The loveliest boy I know (the loneliest boy, I know) is fifteen years old and desperate.

He has crammed all his secrets into a saxophone and I listen to him play sometimes, when the weather's nice. He started bringing his sax out to the porch just last month and I don't know why, because Dylan is what my mom calls "a quiet sort of boy" and you'd think that the only place he'd practice is upstairs in his room with the door closed. But there he is, three houses down, playing what sounds to me like sad, private music, waking the old ladies up from their midday naps.

My mom tells me I don't understand music. Mom went to Julliard and she played the violin (she can't play anymore, on account of her arthritis; she can't love anymore, Dad used to say)—so she thinks she knows what's what. But she's wrong. I know she's wrong because not understanding music is like not understanding that birds can fly, or that if the sun hits the cobweb between the side view mirror and the passenger window in just the right way, you can see a thousand little rainbows, or that sometimes a person can be sad and happy at the same time.

I am thinking about birds and spider webs and people

(I am thinking about miracles)

as I walk by Dylan's house on my way to the library. He is standing on his rickety porch with his saxophone in his hands, and he's staring down at the single-reed mouthpiece like he's never seen the thing in his life. Usually when I walk by I say sounds good or you've really been practicing or hi and then he nods his head at me, lips still on the mouthpiece, fingers still fiddling, and I keep going. But he's not playing anything today so really I can only use the last of these greetings. Dylan looks so strange, though, standing there without any music coming out of him, so instead I say, "Hey Dylan. Aren't you going to play something?"

Dylan's head snaps up then. His eyebrows furrow. His mouth opens and closes, twice. For a moment his brown eyes are lostlittleboy eyes which is odd because he's almost two years older than I am and then he looks away. He says, to the prickly bushes that stand between us, "I've—I've been trying to play him a song but I can't, I can't, and now it's in his lungs."

Dylan's never spoken so many words to me in his life, or at least it feels that way because I don't know how to respond. I don't know what he's trying to say. I scratch my cheek and scuff my shoe on the gum-spotted pavement and then he bursts out, feeble and desperate, "My grandpa's got cancer and now they've found a tumor in his lungs. How's he ever gonna play the sax again if the cancer's in his lungs?" His voice breaks on the last word and my heart breaks a little too, like a word, or a world, or a boy with a sweet tooth and about a million freckles who spends his summer evenings on a rickety porch reading the newspaper to a sixty-four-year-old man, and sips a cola between pages, and smiles.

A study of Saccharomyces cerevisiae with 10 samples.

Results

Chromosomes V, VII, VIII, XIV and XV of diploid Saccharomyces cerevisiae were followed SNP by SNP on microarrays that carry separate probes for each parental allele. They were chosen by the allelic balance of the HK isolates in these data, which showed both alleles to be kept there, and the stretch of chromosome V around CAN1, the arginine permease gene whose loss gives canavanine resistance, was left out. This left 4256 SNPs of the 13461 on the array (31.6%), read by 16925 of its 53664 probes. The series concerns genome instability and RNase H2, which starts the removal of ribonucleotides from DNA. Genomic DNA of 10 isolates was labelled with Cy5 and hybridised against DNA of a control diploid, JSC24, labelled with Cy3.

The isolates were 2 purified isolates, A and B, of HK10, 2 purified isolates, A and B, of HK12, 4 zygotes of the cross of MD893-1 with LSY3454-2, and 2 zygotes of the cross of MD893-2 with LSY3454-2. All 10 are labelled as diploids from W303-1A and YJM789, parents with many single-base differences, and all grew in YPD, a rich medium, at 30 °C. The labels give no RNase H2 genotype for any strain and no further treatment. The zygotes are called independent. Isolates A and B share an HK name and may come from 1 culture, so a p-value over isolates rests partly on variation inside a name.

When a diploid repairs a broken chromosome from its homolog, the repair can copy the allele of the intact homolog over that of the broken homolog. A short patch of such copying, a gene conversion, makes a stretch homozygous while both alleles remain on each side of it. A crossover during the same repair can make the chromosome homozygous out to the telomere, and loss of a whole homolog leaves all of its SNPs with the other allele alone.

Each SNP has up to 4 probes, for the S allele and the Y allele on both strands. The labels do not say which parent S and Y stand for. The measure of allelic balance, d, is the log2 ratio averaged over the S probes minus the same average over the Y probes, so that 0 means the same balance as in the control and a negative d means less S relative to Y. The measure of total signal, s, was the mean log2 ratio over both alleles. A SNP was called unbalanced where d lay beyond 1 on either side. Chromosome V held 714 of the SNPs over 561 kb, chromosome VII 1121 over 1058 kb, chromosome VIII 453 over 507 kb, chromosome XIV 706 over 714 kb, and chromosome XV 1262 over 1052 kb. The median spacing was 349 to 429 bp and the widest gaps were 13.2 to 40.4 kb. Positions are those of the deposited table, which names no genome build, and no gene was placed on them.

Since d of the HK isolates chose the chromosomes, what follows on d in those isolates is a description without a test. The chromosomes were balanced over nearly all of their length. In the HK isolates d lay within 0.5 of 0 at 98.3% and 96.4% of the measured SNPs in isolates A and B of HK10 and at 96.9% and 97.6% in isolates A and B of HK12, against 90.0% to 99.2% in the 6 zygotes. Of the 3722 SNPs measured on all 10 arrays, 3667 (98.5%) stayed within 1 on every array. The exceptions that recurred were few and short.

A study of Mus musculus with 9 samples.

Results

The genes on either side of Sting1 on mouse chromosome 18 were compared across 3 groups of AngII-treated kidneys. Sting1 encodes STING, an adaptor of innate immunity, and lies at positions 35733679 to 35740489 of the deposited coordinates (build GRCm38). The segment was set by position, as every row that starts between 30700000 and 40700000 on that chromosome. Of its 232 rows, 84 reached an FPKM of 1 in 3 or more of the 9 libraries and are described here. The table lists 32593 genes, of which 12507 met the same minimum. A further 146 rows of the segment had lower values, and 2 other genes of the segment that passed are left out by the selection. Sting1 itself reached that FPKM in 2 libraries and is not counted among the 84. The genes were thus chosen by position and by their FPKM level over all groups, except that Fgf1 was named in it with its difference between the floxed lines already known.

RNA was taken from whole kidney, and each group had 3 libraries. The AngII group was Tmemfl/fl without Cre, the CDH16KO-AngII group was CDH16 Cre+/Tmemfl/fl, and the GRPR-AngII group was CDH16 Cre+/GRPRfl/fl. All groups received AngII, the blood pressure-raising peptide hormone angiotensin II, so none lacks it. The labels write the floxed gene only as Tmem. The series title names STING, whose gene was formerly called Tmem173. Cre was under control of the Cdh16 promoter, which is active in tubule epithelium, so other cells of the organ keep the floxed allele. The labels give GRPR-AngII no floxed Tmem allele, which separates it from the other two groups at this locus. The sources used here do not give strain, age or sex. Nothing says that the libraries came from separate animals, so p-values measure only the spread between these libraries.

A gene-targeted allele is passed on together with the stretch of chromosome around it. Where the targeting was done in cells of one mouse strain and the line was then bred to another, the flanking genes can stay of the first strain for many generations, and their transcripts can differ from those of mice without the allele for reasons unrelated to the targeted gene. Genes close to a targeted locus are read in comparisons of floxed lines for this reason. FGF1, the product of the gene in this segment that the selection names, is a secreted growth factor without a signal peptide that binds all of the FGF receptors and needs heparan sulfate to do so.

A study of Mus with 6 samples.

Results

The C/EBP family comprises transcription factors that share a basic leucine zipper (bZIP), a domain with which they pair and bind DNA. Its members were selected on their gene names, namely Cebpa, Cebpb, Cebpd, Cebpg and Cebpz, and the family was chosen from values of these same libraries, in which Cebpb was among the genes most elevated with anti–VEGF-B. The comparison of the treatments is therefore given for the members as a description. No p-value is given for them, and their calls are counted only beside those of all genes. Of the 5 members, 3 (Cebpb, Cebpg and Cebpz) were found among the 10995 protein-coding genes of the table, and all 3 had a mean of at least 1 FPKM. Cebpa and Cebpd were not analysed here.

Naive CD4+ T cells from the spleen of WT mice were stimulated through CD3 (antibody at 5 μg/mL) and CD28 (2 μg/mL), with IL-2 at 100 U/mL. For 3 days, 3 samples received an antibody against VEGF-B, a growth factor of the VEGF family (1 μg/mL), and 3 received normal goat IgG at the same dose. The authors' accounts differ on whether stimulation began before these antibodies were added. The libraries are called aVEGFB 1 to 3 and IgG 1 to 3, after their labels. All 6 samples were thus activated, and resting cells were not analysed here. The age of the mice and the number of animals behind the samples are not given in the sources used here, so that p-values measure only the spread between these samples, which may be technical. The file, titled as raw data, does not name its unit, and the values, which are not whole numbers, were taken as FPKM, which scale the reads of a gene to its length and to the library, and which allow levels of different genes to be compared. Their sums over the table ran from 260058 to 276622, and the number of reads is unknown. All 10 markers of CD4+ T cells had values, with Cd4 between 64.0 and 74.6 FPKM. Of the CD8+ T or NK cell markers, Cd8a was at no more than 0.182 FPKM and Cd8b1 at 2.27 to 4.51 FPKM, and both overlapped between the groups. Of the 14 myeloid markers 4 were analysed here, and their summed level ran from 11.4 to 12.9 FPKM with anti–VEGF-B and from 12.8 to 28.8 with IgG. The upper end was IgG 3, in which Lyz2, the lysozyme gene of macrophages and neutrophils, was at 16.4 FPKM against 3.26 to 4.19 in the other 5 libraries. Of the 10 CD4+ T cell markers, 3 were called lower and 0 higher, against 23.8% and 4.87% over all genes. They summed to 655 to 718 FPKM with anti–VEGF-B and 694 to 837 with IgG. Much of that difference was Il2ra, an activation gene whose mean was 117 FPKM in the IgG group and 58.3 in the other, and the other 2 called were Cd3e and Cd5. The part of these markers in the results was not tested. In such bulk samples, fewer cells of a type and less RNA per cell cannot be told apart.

So I say, quietly, unsure, "My mom has arthritis and she can't play the violin anymore and she thinks I don't understand music but I think—" and I am going to explain my theory about spider webs and birds and all, but Dylan interrupts.

"Lily," he says, closing his eyes. "Lily, my grandpa is probably going to die so don't stand there and talk to me about finger pain, okay? I'm sorry about your mom but I just—please just don't, okay?" and if you have ever seen a boy in that moment he is broken, you will never forget him.

I say I'm sorry and I feel little and silly and ashamed. I'm sorry, I say again, and he knows what I mean. Then I look at the tiny flowers in the bushes for a moment and I take a deep breath and I say what I really want to say. I say, "I think you should keep practicing. I think you should keep working on that song. Because if your grandpa's lungs get better he'll be upset if you're so rusty you guys can't play together anymore." Then I walk away.

I've only gone a few steps down the block when I hear him. He blows such a blast of air into that saxophone that the dogs on the street begin to bark and the old ladies start coming out of their houses to stare at him and when I look back, his eyes are scrunched tighttighttight and his face is red and sweaty with the effort and after a full minute he starts to tremble, and in that high, wailing note you can hear hope and hurt and why and death and thank you and mothers and grandfathers and fingers and cola and lungs, and that's music. So I keep walking.

author's note

HI GUYS! welp i don't know quite what to say about this thinger, except that cancer's everywhere now and it's absolutely insane and world-destroying but always there is hope and a fight and music. and you'll/i'll maybe be seeing more of these characters because i like to live in the head of this lovely lily and there must always be a strange beautiful boy, so...

erm yeah i marked the status as complete because it is but i'm hoping this will turn into a collection YAYYAYYAY

in other news, i got through my first year of college about a month ago and it was exciting and difficult and great and i learned tons. NOW HOW THE HECK ARE YOU?